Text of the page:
Teodorin Nguema Obiang, Equatorial Guinea’s high-rolling, big spending playboy vice president, has lost a court case in which he claimed a €100 million ($121 million) mansion in Paris was part of his country’s diplomatic mission and should not have been seized by French authorities in 2012 during probes into money laundering and misuse of public funds.
The United Nation’s highest court ruled that the residence on exclusive Avenue Foch was never a diplomatic outpost.
The Malabo administration had argued at the International Court of Justice that the mansion had been functioning as the country’s French embassy since 2011.
However, the court decided the building at 42 Avenue Foch “had never acquired the status of premises of the diplomatic mission", and that France did not breach the Vienna Convention that underpins diplomatic relations.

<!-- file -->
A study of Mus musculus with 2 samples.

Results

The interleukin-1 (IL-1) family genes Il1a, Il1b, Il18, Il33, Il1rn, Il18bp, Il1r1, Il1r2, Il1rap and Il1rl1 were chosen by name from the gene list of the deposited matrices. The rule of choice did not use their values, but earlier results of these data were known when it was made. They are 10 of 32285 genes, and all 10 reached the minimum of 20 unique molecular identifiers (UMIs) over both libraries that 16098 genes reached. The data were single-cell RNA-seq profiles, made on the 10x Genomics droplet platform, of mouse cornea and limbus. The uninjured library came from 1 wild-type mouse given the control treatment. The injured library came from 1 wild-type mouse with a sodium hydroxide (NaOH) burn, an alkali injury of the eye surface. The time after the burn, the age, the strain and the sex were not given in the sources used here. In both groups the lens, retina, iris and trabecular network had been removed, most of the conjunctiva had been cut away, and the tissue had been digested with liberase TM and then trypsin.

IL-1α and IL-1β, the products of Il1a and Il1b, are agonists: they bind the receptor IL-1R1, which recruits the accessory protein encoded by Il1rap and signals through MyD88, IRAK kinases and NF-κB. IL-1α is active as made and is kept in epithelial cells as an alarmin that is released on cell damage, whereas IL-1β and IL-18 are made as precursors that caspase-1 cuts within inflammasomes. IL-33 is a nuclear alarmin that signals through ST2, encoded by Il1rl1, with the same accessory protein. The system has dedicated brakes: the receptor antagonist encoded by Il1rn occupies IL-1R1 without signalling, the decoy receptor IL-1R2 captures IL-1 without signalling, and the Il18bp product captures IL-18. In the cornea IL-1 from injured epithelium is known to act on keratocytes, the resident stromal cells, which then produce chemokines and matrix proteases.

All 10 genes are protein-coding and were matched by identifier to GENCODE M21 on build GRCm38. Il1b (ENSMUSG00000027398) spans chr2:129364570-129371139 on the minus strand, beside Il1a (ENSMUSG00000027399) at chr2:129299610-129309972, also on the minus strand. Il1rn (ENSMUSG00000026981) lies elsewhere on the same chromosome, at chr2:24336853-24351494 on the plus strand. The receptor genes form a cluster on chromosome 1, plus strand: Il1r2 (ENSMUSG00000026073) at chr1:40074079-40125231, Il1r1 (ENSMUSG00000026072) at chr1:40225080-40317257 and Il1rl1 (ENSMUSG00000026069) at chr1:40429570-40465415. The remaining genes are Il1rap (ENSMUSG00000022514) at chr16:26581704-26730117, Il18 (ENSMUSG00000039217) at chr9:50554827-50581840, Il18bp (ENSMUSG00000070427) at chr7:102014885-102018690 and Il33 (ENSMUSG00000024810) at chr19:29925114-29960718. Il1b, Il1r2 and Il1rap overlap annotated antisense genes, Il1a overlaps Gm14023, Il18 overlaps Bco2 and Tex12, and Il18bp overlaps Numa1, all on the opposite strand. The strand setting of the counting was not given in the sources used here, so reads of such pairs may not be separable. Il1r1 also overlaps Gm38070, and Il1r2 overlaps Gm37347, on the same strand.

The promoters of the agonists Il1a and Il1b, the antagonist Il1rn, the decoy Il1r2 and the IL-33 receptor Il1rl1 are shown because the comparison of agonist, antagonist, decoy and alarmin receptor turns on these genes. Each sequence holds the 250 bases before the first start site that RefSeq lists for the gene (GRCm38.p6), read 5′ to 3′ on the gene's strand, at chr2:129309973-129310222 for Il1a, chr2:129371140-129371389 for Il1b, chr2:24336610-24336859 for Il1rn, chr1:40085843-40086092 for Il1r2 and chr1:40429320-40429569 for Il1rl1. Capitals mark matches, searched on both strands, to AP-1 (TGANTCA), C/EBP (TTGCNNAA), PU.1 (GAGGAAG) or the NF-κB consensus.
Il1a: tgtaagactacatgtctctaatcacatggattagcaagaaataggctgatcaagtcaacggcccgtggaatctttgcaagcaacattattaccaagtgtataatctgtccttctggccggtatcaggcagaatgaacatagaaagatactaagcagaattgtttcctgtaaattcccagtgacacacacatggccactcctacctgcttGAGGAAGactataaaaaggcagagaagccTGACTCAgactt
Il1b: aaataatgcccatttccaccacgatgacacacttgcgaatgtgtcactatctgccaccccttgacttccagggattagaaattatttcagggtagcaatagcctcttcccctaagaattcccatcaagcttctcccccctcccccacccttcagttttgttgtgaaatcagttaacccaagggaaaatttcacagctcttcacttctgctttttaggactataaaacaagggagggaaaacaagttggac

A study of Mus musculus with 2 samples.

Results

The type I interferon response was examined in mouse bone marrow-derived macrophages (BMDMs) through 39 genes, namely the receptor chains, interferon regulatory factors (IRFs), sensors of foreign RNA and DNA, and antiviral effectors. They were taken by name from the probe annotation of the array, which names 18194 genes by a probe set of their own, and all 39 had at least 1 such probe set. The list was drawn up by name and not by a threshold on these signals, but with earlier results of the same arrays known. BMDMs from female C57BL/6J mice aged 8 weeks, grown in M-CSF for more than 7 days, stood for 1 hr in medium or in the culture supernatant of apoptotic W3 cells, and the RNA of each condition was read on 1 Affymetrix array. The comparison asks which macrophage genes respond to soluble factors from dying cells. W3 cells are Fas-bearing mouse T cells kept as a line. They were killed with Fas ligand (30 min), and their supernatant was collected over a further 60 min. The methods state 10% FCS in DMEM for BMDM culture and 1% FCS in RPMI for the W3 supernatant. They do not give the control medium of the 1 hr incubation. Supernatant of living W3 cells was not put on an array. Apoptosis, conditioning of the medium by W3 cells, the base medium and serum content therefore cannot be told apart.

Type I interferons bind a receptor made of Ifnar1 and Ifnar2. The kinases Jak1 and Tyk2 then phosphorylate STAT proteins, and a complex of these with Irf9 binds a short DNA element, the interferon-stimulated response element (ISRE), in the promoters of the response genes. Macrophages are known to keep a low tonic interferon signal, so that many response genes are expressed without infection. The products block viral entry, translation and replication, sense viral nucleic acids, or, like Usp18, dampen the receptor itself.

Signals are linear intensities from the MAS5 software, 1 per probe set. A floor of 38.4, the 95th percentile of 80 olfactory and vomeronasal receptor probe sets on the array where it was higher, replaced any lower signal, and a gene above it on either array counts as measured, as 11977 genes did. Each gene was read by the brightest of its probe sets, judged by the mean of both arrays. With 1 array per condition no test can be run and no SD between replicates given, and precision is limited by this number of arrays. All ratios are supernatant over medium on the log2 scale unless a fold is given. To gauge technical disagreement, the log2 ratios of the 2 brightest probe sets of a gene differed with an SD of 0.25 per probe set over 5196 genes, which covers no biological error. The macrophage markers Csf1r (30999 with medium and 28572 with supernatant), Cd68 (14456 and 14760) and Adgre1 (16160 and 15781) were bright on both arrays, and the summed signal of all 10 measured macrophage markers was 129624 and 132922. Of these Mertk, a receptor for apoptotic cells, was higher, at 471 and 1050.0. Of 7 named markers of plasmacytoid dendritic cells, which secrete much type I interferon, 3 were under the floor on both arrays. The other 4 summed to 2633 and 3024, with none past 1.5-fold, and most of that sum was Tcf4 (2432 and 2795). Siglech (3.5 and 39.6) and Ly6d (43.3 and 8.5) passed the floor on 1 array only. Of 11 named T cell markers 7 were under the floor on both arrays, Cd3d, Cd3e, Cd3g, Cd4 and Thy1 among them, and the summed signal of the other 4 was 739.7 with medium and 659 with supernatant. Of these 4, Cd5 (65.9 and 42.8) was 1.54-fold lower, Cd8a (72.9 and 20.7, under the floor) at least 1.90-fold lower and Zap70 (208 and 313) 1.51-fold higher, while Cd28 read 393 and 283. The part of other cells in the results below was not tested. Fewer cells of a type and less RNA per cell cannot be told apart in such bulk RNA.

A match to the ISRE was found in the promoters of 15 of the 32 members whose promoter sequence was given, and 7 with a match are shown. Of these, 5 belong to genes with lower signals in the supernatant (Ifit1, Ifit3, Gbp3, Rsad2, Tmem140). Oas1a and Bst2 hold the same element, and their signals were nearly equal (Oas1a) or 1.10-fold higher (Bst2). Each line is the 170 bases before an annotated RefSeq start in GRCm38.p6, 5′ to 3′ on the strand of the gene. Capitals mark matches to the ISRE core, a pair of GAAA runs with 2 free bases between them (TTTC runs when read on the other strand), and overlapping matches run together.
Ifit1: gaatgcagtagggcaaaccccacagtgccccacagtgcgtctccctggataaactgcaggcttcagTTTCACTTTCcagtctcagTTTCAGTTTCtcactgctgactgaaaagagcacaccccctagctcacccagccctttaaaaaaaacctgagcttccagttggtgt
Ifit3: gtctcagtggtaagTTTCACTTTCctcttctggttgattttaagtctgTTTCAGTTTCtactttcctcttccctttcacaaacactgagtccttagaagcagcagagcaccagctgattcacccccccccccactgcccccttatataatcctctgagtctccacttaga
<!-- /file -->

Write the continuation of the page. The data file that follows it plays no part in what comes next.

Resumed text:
Earlier this year, an appeal court in France upheld a 2017 conviction and three-year suspended sentence imposed on Obiang — also known as Teddy — for embezzling millions of dollars in public money, fining him €32.9 million and ordering the mansion to be confiscated.
Last year, Swiss authorities seized 27 supercars owned by Obiang in a money laundering probe and they were auctioned off $27 million, with the funds said to be used in social programmes in Equatorial Guinea.
The 52-year old is the son of President Teodoro Obiang Nguema, who came to power in 1979 in a brutal coup, and is being groomed as his successor.
The impoverished population of Equatorial Guinea may well wonder how they might fare should Teddy one day take take charge
One look at his Instagram account — www.instagram.com/teddynguema — replete with pictures of a lavish trip to the Maldives, suggests the president's son is nowhere near giving up his extravagant lifestyle.